What is Apple’s HealthKit?
This link will take you to the Apple Developers Kit and here are some great Video Demos of HealthKit.
Apple’s iOS 8 app is called Health, along with a HealthKit cloud API for integrating data from multiple apps and monitoring devices.
Apple’s new HealthKit cloud service logs data that’s been recorded by apps or gathered from mobile sensors and retrieve the content of that health profile. Apple wants to make its own Health app a convenient entry point to the service, but other apps will also be able to interact with the health profile.
Apple’s new Health APP
Read this Forbes article on the Apple HealthKit.
The new Health app gives users an easy-to-read dashboard of their health and ﬁtness data. The developers HealthKit, allows all the health and ﬁtness apps to work together.
The first phase is to enable local storage on the iPhone of data collected by other devices.
Short term it is entirely on the phone. They do not even support HealthKit on iPad to have it work between my devices.
Apple is positioning its Health app as the point of aggregation for all the user’s different health data, and HealthKit, the development platform, to enable that integration. But critically, indications are that the health data will, for the most part, be collected by sensors (Nike+, Withings Scale, Fitbit Flex, etc) of other wearable manufacturers…. offering – i..e stay away from the hardware for now and instead provide the services & software glue to tie all the existing hardware into some sort of cohesive whole.
One reason for that might be security. The iPhone (at least the later versions) have fingerprint sensor security. If health data passes between an iPhone and an iPad how can the device(s) be sure of the user’s identity? On a single device, especially the iPhone that has fingerprint access, identity is solvable on the device.
With multiple devices, it becomes more difficult and more prone to the complexity of multiple users.
They seem to want one device to represent a single persona, says Waite, – not a bad position for a hardware vendor to take. They encapsulate your online identity for services like Twitter and Facebook onto your device, but this is primarily so that applications do not do this work themselves.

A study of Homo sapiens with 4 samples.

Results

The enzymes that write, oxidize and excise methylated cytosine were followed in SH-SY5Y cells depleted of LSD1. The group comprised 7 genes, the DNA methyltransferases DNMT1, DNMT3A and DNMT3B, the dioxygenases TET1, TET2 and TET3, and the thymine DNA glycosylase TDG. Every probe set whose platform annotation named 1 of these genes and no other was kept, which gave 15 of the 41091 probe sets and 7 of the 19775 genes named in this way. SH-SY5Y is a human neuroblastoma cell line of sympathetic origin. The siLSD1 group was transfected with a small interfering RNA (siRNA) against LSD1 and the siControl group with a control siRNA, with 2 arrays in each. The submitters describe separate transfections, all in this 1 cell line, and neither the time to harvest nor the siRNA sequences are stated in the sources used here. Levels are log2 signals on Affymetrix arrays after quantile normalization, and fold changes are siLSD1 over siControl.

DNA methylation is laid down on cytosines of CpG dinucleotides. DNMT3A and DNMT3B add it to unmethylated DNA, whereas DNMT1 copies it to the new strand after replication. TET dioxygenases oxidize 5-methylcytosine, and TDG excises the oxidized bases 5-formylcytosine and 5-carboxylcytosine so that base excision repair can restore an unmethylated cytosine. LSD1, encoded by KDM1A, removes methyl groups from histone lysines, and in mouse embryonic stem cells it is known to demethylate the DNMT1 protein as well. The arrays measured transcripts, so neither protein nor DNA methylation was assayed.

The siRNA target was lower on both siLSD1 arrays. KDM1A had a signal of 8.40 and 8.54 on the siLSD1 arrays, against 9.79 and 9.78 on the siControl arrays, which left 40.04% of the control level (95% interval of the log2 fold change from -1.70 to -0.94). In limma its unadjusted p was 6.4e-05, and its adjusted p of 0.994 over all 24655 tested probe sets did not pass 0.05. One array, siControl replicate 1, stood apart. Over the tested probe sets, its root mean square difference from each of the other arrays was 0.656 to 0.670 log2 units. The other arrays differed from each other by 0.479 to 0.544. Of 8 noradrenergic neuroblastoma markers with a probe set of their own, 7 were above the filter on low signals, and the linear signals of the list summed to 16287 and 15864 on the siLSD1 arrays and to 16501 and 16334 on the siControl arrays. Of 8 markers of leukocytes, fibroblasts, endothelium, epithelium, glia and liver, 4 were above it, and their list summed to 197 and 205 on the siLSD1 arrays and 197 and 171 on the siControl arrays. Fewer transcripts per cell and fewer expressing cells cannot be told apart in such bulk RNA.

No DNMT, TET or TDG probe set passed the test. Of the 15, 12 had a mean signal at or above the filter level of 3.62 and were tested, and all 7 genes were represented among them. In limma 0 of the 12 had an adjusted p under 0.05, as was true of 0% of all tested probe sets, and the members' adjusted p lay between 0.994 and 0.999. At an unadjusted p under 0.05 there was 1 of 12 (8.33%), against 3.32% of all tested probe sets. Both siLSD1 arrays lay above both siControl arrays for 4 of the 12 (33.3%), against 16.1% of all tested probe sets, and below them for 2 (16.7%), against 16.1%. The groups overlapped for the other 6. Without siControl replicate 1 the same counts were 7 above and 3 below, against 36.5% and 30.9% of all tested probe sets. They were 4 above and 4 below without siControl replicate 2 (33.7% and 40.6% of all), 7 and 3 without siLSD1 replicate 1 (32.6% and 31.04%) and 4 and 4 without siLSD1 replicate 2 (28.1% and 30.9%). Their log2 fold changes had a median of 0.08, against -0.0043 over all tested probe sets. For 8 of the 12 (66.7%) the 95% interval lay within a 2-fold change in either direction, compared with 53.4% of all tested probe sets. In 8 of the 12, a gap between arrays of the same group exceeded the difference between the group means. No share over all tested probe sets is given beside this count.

OAuth 2.0 and OpenID Connect 1.0 are likely standards for Apple to draw on, though Apple has a preference for doing identity its own way.
On the developer side of the equation, initially, Apple will be experimenting with different ways for developers to use data at different levels of permission, according to Waite:
The structure of the HealthKit is such that an application asks the user for each kind of information, and the user can opt-in or out of write and read access. For example, I might let this one hypothetical app read my steps taken and heart rate, but not my nutritional information.
The second base is to migrate some of a user’s health data to Apple’s Cloud but under the control of the user. Fadaie believes a P2P solution would provide greater security for an equal user experience going forward:
Based on the limited amount of information available, Apple’s view of eHealth is like a Dropbox for health-related information. Different apps can read/write to this “HealthBox” and Apple takes care of making the data available on the user’s different devices. If Apple’s goal is to be a provider of such a service, a P2P solution can certainly help keep this data private without storing it on Apple’s cloud (even if the data is encrypted). This will be as usable but more private for users.
Where PilotFish Might Fit In
The third base is the integration of the medical profession into the data stream.
Part of the challenge here is to integrate different strands of the medical profession in ways that are acceptable or satisfactory to them.
Today, the hospital or clinic would have to have a user install an app and approve it access to data. The app can then ‘siphon’ data off the HealthKit database on the phone, and upload it someplace that is accessible by the hospital/clinic.
Pharmacies, labs, hospitals, and clinics are going to want to be able to exchange data directly rather than going through apps on the user’s phone. The user is going to want to feel in control of that sort of communication as well. HealthKit today doesn’t provide that. But hopefully, it will help build momentum toward that future outcome.
Example: Health systems that use Epic will be able to integrate patient information from HealthKit into MyChart, Epic’s personal health record.
The app also holds the potential to save hospital IT teams money because mobile developers will no longer have to link with multiple apps and devices, such as fitness trackers or glucose monitors.
It will eventually include more clinical devices (a small wearable heart monitor that listens to heartbeats and reports data back in real time.)
For the healthcare industry, the most intriguing aspect of Apple’s new technologies is the potential to unite feeds from many health monitors and report back to a hospital’s electronic medical records system, making the Apple Health app a tool for patient engagement.
PilotFish’s eiConsole for HealthKit
Create API’s that would be included with the eiConsole for HealthKit.
Host an eiPlatform service that would allow developers to utilize our eiPlatform engine to integrate with EHRs and Practice Mgt systems, other Devices or Equipment on a per-patient subscription cost.
Timing may be right:
“Today there is no linkage between Apple’s HealthKit and any electronic health record (EHR),” Wald says. But, he says, by next fall personal health data will be flowing from the HealthKit repository into the Mayo app, and then into the clinic’s electronic health record system.